Chemical Affecting Frogs' Sexuality

Times Staff Writer

Male leopard frogs in several states are acquiring female sexual attributes as a result of exposure to atrazine, one of the most heavily used weedkillers in America, according to a study published today in the journal Nature.

Syngenta, the largest U.S. producer of atrazine, questioned the finding. However, even if these effects are real, they have no bearing on human health risks, said Tim Pastoor, a toxicologist based in the company's Greensboro, N.C., offices.

The study, the second this year by UC Berkeley endocrinologist Tyrone B. Hayes to scrutinize the feminization of frogs by the farm chemical, comes as the U.S. Environmental Protection Agency nears the end of an eight-year safety review of atrazine.

The review was undertaken in 1994 after decades of heavy atrazine use on corn and sorghum crops caused it to become the most commonly detected pesticide in American ground- and surface water. It was even routinely detected far from agricultural areas, in presumably pristine sites such as national parks.

The reason, said William A. Battaglin, a hydrologist with the U.S. Geological Survey in Lakewood, Colo., is that atrazine is very soluble: "It moves with rain, with air, on dust."

Hayes was one of dozens of hormone specialists approached to study the chemical for the EPA review. "My original thought was [that] nothing was going to happen," Hayes said. But in April, he published a study in the Proceedings of the National Academy of Sciences showing that South African clawed frogs exposed to atrazine in the laboratory suffered an array of sexual deformities. Hayes speculated that the weedkiller was throwing a series of hormonal switches in the frogs, which led to the conversion of testosterone to estrogen.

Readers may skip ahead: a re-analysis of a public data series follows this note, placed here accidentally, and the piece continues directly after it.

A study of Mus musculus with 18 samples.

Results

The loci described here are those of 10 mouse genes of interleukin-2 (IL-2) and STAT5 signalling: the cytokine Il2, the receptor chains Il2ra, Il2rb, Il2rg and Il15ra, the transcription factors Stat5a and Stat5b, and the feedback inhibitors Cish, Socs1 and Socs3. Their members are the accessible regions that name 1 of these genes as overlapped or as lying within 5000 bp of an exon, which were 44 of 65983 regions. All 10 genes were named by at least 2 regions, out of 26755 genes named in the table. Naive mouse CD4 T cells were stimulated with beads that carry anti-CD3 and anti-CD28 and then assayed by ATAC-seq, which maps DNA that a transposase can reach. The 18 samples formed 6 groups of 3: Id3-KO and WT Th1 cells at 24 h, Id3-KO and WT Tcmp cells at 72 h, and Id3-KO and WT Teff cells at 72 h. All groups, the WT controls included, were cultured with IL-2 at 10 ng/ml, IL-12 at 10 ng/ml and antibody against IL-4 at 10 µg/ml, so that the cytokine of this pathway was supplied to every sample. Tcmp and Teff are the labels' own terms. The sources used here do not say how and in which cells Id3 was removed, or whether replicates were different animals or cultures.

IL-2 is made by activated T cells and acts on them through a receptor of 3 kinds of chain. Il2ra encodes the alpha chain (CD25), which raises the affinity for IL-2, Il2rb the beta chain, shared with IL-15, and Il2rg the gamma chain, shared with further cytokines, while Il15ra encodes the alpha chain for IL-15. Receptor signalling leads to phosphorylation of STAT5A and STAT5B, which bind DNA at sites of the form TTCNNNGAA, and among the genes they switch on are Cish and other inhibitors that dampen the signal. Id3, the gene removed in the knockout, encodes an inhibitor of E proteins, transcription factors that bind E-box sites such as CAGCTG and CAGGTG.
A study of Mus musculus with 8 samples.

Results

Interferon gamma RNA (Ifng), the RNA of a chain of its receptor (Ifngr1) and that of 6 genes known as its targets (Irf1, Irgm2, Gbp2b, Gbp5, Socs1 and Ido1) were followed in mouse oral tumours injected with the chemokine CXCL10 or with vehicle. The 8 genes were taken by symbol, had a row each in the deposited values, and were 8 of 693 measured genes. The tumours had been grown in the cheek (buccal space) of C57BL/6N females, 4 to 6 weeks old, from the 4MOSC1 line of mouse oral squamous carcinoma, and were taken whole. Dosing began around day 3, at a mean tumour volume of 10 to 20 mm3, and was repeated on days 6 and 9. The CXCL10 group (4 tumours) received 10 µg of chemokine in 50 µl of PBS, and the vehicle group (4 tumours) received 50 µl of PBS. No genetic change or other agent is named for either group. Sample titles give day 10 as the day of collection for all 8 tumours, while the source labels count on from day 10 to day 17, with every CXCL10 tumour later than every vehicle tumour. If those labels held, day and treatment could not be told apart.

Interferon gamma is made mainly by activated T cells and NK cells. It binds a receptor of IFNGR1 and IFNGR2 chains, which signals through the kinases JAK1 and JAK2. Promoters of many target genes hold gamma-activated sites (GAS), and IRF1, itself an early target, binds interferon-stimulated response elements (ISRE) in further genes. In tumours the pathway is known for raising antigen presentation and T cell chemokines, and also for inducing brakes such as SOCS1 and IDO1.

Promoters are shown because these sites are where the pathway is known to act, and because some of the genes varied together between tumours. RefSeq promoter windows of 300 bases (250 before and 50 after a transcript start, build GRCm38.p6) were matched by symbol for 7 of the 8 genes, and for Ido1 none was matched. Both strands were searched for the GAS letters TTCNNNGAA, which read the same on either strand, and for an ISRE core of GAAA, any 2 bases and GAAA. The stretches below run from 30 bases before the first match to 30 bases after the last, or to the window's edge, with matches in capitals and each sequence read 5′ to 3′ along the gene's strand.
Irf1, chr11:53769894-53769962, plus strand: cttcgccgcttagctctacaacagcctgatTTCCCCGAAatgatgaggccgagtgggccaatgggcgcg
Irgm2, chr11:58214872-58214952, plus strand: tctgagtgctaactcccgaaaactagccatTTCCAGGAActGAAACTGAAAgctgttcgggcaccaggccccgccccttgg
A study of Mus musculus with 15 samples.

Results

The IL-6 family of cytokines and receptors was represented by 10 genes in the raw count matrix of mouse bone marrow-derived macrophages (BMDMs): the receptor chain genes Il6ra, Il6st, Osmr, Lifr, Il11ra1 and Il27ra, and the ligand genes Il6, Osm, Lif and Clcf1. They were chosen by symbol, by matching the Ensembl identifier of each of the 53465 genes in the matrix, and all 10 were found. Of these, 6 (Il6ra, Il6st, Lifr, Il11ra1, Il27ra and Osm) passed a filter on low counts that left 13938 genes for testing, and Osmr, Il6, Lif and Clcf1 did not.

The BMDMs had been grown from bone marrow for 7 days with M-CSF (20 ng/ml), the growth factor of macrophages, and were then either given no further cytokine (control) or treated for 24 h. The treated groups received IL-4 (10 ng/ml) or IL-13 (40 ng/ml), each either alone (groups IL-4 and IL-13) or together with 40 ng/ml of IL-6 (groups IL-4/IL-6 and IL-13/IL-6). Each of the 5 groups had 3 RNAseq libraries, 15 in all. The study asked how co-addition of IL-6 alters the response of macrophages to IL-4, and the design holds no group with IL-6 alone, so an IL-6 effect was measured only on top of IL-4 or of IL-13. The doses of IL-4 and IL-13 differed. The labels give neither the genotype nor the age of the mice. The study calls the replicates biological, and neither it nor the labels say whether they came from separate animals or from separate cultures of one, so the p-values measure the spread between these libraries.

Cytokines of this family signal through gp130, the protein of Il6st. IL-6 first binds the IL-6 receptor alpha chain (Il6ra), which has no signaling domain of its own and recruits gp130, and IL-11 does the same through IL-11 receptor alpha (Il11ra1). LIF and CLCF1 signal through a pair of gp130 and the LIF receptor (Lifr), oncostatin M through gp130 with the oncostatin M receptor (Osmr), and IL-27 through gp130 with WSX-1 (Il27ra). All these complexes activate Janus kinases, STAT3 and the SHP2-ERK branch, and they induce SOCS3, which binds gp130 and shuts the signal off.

Syngenta criticized the April study for using foreign animals in artificial conditions. The Nature study looks at the most common U.S. species, the leopard frog, at eight sites chosen in states in a west-east slice from Utah to Iowa. "Now, we've shown it in the wild, and only where there is atrazine," Hayes said.

The finding revives arguments about atrazine in drinking water. Since 1991, a number of European countries have banned or suspended its use. A French ban is expected to take effect next year because atrazine has exceeded the 1-part-per-billion level in drinking water set for any pesticide. By contrast, the EPA set a maximum average level for atrazine of 3 ppb in U.S. drinking water.

Pastoor said the U.S. level was set after studying hundreds of toxicity trials and allowing wide safety buffers: "At this rate, a 150-pound adult could drink 21,000 gallons of water a day for 70 years and still experience no adverse health effects."

Other scientists remain concerned because frogs are regarded as important markers of water purity.

As global frog populations have crashed over the last 10 years, researchers have focused on three potential causes: climate change, urban development and pesticides.

"From biblical times, people have relied on frogs as indicators of water quality," said Battaglin of the Geological Survey. "If you read records of early settlers in the Western U.S., if they got to a water supply and it didn't have frogs in it, they wouldn't drink."

In California, 55,000 pounds of atrazine are used every year, mainly in agriculture. It may be one factor in the disappearance of some of the state's most common frogs, said Carlos Davidson, an ecologist at Cal State Sacramento. Once-common red-legged frogs have disappeared from 70% of their former sites, and mountain yellow-legged frogs from 90% of their territory.

Davidson points to the pressure of urban development in basins and on coasts, but he suspects that pesticide drift is behind the disappearance of mountain frog populations. "Historic accounts of the Sierra Nevada had people not being able to walk around lakes without stepping on frogs," he said. "You go to these lakes now, and there are no frogs."

A preliminary EPA risk assessment for atrazine is expected in January 2003.